With just days remaining until they reach New York, and even Temple’s purpose on board the Endeavour proving increasingly suspicious, Birch’s search for the culprit is fraught with danger.
Set in 1924, A Fatal Crossing is in the golden age style of crime writing and it has a definite nod to Agatha Christie’s work. It goes along at a fine pace with a clever ending that I loved. I thought it was an excellent historical crime mystery.
I must admit to getting a bit befuddled at times as to who was who on the ship but not to the point that I couldn’t follow what was going on. Many of the passengers are travelling to an art fair in New York and so there’s quite a bit of crossover between them, and it seems that all roads lead back to a very special painting. It’s a very engaging story that kept me hooked all the way through and which really kept me guessing in more ways than one.
And all the while, the passengers continue to roam the ship with a killer in their midst . . .
Tom Hindle is originally from Yorkshire and now lives in Oxfordshire, where he works for a digital PR agency. A FATAL CROSSING is Tom’s debut novel and was inspired by masters of the crime genre from Agatha Christie to Anthony Horowitz.
A Fatal Crossing is a locked-room mystery with a difference: it’s set aboard the Endeavour, an ocean liner bound for New York with 2,000 passengers, amongst them a potential killer.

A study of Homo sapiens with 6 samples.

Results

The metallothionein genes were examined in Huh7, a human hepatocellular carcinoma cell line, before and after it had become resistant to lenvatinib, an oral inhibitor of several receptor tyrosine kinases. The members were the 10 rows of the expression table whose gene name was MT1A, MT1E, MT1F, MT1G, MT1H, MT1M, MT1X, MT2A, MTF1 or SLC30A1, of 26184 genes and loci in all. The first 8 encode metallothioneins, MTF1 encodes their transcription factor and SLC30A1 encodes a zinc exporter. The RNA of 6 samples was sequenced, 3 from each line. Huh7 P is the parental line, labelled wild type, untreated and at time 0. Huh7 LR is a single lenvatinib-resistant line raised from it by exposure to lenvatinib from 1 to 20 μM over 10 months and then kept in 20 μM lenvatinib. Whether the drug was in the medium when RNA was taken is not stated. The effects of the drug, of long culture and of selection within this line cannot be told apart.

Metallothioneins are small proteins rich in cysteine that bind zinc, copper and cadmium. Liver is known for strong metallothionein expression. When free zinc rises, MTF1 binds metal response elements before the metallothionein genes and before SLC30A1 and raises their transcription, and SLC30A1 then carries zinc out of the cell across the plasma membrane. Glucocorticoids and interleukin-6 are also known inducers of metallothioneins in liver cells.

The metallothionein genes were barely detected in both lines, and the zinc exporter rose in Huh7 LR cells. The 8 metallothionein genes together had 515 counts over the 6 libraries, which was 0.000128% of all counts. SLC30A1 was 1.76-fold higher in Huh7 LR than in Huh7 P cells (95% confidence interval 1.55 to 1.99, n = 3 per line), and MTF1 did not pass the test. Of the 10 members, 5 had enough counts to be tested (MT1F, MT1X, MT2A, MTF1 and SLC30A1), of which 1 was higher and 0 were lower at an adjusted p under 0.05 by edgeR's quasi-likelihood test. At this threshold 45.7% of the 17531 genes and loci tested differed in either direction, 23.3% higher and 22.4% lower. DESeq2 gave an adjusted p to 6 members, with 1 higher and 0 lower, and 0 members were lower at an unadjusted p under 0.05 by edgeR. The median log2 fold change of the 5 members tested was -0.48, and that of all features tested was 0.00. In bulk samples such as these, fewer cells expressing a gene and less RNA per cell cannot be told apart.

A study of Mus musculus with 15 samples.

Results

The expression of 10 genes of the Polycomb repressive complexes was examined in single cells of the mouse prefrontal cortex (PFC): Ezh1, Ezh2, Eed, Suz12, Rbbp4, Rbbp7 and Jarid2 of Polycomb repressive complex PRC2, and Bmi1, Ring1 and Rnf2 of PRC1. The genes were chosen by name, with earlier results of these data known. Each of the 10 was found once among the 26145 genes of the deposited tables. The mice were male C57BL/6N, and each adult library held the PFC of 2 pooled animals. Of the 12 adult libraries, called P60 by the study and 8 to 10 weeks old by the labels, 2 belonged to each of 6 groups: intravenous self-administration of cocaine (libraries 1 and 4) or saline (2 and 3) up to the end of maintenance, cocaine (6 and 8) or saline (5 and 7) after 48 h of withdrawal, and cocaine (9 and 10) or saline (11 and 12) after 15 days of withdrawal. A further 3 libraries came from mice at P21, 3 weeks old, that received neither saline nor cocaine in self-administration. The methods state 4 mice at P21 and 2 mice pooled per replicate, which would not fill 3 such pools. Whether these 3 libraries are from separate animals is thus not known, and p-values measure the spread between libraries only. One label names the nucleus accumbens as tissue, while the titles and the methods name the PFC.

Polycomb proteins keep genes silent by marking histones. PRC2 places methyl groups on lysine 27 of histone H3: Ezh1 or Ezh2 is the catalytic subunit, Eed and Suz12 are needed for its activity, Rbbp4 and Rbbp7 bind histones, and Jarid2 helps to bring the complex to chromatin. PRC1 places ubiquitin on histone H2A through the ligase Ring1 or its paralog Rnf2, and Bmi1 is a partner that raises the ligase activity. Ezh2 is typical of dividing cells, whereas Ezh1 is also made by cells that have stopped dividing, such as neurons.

My review today is of A Fatal Crossing by Tom Hindle which will be published by Century on 20th January in hardcover, eBook and audiobook. My thanks to Sarah Harwood PR for sending me a proof copy for review purposes.
It’s no spoiler to say an unexpected death occurs at the beginning of the story. An elderly man is found at the foot of a flight of steps. One of the ship’s officers, Timothy Birch, is tasked with dealing with what seems to be a tragic accident but when a Scotland Yard policeman, James Temple, who is also on board, takes an interest it appears that there might be a more sinister reason for the death.
Birch agrees to investigate, and the trail quickly leads to the theft of a priceless painting. Its very existence is known only to its owner . . . and the dead man.
When an elderly gentleman is found dead at the foot of a staircase, ship’s officer Timothy Birch is ready to declare it a tragic accident. But James Temple, a strong-minded Scotland Yard inspector, is certain there is more to this misfortune than meets the eye.
Birch and Temple make for an interesting investigating duo. It’s fair to say Temple is the lead and he’s more maverick in his techniques than the quite strait-laced Birch, but their back-stories make them particularly intriguing. Birch is the narrator and we follow him as he travels around the ship with Temple. I enjoyed the descriptions of each section of the boat, from the extravagance of first class to the pleasant but smaller areas in second class, and then to the cramped conditions of third class.